There are two limits that govern the minimum alkalinity your water might attain through long boiling, a minimum calcium content and a minimum bicarbonate content. Either factor could control the end result. It depends on the starting water quality. Boiling drives off CO2 and causes the dissolved calcium and bicarbonate to precipitate out of solution as chalk (calcium carbonate). The relationship between calcium and bicarbonate is presented in the following equation:
Final Ca content = Starting Ca content - [(starting HCO3 - final HCO3)/3.05]
You obviously have the starting Ca and HCO3 content if you have your water report. The final HCO3 content is a variable that is dependent upon the effectiveness of your boil and it can also be dependent on the starting amount of calcium in the water. For typical boils, you can get HCO3 down to around 60 to 80 ppm. If you have a really effective boil, you might be able to get HCO3 down as low as 40 ppm.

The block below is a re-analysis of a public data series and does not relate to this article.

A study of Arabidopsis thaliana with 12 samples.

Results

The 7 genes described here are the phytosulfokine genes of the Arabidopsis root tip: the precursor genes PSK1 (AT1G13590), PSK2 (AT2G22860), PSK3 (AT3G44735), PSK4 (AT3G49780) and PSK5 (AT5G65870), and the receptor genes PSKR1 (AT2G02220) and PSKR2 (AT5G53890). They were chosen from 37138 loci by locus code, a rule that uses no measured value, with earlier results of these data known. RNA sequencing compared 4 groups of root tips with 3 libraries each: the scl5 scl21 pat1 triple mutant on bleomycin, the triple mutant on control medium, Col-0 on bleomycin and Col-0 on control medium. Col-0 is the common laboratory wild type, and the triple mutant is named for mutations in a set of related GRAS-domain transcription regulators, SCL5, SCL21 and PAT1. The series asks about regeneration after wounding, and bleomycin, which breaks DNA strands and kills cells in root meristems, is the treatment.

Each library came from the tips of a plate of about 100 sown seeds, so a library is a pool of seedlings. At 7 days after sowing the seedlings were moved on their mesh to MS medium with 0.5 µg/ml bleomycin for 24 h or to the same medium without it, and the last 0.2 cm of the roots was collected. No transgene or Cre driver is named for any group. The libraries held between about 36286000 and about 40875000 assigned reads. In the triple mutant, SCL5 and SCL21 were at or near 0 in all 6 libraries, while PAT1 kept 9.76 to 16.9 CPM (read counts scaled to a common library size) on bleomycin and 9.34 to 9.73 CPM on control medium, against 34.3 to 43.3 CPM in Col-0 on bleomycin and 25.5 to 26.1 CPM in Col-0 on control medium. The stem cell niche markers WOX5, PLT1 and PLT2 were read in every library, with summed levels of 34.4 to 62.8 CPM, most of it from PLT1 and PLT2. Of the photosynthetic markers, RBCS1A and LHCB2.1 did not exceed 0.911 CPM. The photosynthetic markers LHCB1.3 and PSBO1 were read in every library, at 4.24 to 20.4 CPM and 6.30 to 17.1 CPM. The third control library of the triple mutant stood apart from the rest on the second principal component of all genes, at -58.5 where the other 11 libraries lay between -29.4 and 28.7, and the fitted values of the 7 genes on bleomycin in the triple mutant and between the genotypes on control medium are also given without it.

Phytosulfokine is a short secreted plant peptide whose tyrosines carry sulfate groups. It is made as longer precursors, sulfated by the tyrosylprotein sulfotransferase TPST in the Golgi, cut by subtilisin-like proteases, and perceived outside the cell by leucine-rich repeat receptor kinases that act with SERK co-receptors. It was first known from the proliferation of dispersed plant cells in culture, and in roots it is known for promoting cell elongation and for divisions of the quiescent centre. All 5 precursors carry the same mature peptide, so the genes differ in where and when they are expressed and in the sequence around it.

But all that final HCO3 content is dependent upon the amount of calcium in the starting water. That is because if there isn't enough calcium, there won't be enough available to react with the HCO3 to form chalk. There is a absolute lower limit for calcium content in water due to solubility limits. That lower limit for Ca is around 12 ppm. You can't drive the Ca content lower than that with boiling.
If you play with that equation above, you will find that if the starting Ca content isn't high enough that the equation will say that the Ca could be reduced to less than 12 ppm if you assume a low enough final HCO3 content. Since it can't occur, the real answer is that you won't actually be able to reduce the HCO3 content as low as those rules of thumb (60 to 80 ppm HCO3) won't apply.
Sorry, its kind of a convoluted explanation.